That table provides, inter alia, the divisions’ expenditures for operations per student.
The footnotes to the Table tell us:
Operations include regular day school, school food services, summer school, adult education, and other education, but do not include pre-kindergarten, non-regular day school programs, non-local education agency (LEA) programs, debt service, or capital outlay additions. Non-LEA programs include expenditures made by a school division for state-operated education programs (in hospitals, clinics, and detention homes) that are located within the school division and reimbursed with state funds.
State revenues for regional Alternative Education programs and Academic Governor’s Schools are allocated to divisions according to participation, rather than as paid to the fiscal agents for these programs.
The Average Daily Membership (ADM) calculated at the end of the school year includes the ADM of pupils served in the school division and the ADM of resident pupils for whom tuition is paid to another school division, regional special education program, or private school. It excludes Head Start, pre-kindergarten, junior kindergarten students, and students for whom the division receives tuition payments from another division or entity (i.e., out-of-state school division, Comprehensive Services Act, Interstate Compact Agreement).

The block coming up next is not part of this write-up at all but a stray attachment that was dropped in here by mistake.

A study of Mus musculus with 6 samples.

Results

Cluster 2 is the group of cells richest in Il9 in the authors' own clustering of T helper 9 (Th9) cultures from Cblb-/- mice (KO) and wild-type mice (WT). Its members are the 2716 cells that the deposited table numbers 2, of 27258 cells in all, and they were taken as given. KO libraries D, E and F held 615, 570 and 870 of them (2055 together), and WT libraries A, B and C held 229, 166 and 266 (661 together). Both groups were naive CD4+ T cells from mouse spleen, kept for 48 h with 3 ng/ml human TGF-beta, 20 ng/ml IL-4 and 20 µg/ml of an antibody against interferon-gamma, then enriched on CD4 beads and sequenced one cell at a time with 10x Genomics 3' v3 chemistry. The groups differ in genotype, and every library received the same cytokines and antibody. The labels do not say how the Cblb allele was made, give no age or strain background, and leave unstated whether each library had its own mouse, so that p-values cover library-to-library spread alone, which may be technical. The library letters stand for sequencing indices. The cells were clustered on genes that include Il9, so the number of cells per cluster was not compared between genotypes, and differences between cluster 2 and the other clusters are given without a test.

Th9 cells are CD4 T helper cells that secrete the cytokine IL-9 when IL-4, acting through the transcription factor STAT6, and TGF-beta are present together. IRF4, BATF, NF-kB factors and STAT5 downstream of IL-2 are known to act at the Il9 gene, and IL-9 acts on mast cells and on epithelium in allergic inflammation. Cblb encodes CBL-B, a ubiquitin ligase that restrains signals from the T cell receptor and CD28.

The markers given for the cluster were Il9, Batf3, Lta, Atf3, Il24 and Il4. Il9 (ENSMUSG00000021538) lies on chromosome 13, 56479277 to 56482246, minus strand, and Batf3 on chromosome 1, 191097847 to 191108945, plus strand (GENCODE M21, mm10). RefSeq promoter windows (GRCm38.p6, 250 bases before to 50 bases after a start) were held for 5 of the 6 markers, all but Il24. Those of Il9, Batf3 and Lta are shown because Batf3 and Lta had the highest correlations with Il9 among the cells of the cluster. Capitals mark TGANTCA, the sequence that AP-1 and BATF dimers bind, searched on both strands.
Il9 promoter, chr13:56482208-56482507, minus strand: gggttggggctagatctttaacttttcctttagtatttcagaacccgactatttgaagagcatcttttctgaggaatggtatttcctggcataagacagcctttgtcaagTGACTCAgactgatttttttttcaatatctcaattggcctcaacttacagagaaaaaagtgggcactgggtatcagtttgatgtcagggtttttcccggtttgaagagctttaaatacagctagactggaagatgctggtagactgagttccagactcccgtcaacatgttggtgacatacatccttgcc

At the same time, the helpful front end to the SOL database gives us the division average pass rates.
Uniting these two datasets gives a Bang per Buck picture.
Let’s start with the reading data.
Richmond is the gold square. The red diamonds are, from the left, the peer cities, Hampton, Newport News, and Norfolk. The outperforming division, there at 94% and only $11,893, is West Point. The state averages are $11,745 and 77%.
The Big Spenders are:
Excel is glad to provide a linear fit to the data and to announce that there is no correlation between the division pass rate and the expenditure per student.
Here are the graphs for the other subjects and the five subject average. Notice that the scale of the ordinate changes from graph to graph.
Note: In a couple of cases, the Newport News point was hiding behind the datum for another division; in those cases I colored the covering point.
Looking at just the four peer cities (Hampton, N.News, and Norfolk in red from the left and Richmond in yellow) and the state average (in blue), we get:
Two obvious conclusions:
- By division, more money does not correlate with better SOL performance.
- Richmond is spending a lot and teaching very little.
I attempted to post the data table; the software choked (sigh!). If you’d like a copy, email john [at] crankytaxpayer [dot] org.